His dedication to black people cost him dearly, but he continues to remain immortal among the legendary artists of his era and any other.
This documentary explores the story of Mr. Cook and why he meant so much to all of us. A change is gonna come if we truly believe, and that’s what Mr. Cook taught us.
Here’s a bit more about this legendary man:
Samuel Cooke, was an American recording artist, singer-songwriter and entrepreneur. He is commonly known as the King of Soul for his distinctive vocal abilities and influence on the modern world of music. His pioneering contributions to soul music led to the rise of Aretha Franklin, Bobby Womack, Al Green, Curtis Mayfield, Stevie Wonder, Marvin Gaye, Billy Preston and popularized the likes of Otis Redding and James Brown.
Cooke had 30 U.S. top 40 hits between 1957 and 1964, and a further three after his death. Major hits like “You Send Me”, “A Change Is Gonna Come”, “Cupid”, “Chain Gang”, “Wonderful World”, and “Twistin’ the Night Away” are some of his most popular songs. Cooke was also among the first modern black performers and composers to attend to the business side of his musical career. He founded both a record label and a publishing company as an extension of his careers as a singer and composer. He also took an active part in the African-American Civil Rights Movement.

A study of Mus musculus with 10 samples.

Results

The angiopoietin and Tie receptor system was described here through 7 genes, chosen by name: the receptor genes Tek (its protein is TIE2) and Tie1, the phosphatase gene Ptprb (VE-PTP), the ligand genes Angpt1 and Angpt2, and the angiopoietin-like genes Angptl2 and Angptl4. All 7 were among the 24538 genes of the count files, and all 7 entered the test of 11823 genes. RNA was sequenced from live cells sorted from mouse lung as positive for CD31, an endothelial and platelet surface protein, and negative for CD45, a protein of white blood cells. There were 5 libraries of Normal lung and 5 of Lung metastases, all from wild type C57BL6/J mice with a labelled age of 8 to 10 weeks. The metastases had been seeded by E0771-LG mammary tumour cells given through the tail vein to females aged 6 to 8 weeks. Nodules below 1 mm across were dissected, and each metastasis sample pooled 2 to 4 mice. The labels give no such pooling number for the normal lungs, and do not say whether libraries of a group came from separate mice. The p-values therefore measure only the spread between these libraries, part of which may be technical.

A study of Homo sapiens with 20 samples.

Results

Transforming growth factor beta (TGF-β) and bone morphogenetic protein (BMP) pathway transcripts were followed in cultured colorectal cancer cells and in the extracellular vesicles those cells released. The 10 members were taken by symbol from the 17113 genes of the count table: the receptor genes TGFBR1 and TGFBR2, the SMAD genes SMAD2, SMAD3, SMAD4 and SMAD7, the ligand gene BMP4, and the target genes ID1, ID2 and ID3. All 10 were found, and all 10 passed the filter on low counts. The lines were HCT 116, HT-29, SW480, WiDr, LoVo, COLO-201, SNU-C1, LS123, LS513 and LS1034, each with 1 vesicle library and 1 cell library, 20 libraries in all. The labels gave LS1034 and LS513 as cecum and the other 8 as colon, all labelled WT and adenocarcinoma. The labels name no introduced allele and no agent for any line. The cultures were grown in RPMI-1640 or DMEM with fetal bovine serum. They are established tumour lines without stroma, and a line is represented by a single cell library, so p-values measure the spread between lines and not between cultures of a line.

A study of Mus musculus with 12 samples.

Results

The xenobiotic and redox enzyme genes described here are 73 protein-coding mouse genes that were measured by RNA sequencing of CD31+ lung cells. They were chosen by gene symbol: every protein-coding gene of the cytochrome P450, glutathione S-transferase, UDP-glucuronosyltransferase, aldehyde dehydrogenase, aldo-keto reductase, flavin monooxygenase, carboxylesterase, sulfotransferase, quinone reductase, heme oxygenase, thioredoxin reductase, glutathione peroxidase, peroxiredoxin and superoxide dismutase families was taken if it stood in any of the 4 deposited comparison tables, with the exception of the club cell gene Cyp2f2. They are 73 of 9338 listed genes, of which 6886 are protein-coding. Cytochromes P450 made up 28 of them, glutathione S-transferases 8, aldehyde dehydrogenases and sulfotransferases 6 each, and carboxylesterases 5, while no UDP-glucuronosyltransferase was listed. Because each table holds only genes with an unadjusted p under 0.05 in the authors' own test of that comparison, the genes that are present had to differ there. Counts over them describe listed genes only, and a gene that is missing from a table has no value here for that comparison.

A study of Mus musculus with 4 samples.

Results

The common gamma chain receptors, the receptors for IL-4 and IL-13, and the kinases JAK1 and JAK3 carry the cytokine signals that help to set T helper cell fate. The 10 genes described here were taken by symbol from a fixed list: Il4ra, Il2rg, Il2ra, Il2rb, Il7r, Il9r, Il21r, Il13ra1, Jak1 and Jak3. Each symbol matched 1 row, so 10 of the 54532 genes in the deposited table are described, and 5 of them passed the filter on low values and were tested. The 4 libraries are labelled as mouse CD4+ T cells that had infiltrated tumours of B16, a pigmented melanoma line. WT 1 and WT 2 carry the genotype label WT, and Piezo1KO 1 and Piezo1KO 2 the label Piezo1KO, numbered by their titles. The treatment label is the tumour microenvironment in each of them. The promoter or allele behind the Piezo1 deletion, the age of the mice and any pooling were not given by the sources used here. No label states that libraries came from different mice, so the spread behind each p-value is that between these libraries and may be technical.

On December 11, 1964, Cooke was fatally shot by Bertha Franklin, the manager of the Hacienda Motel in Los Angeles, California, at the age of 33. At the time, the courts ruled Cooke was drunk and distressed, and the manager had killed Cooke in what was later ruled a justifiable homicide. Since that time, the circumstances of his death have been widely questioned.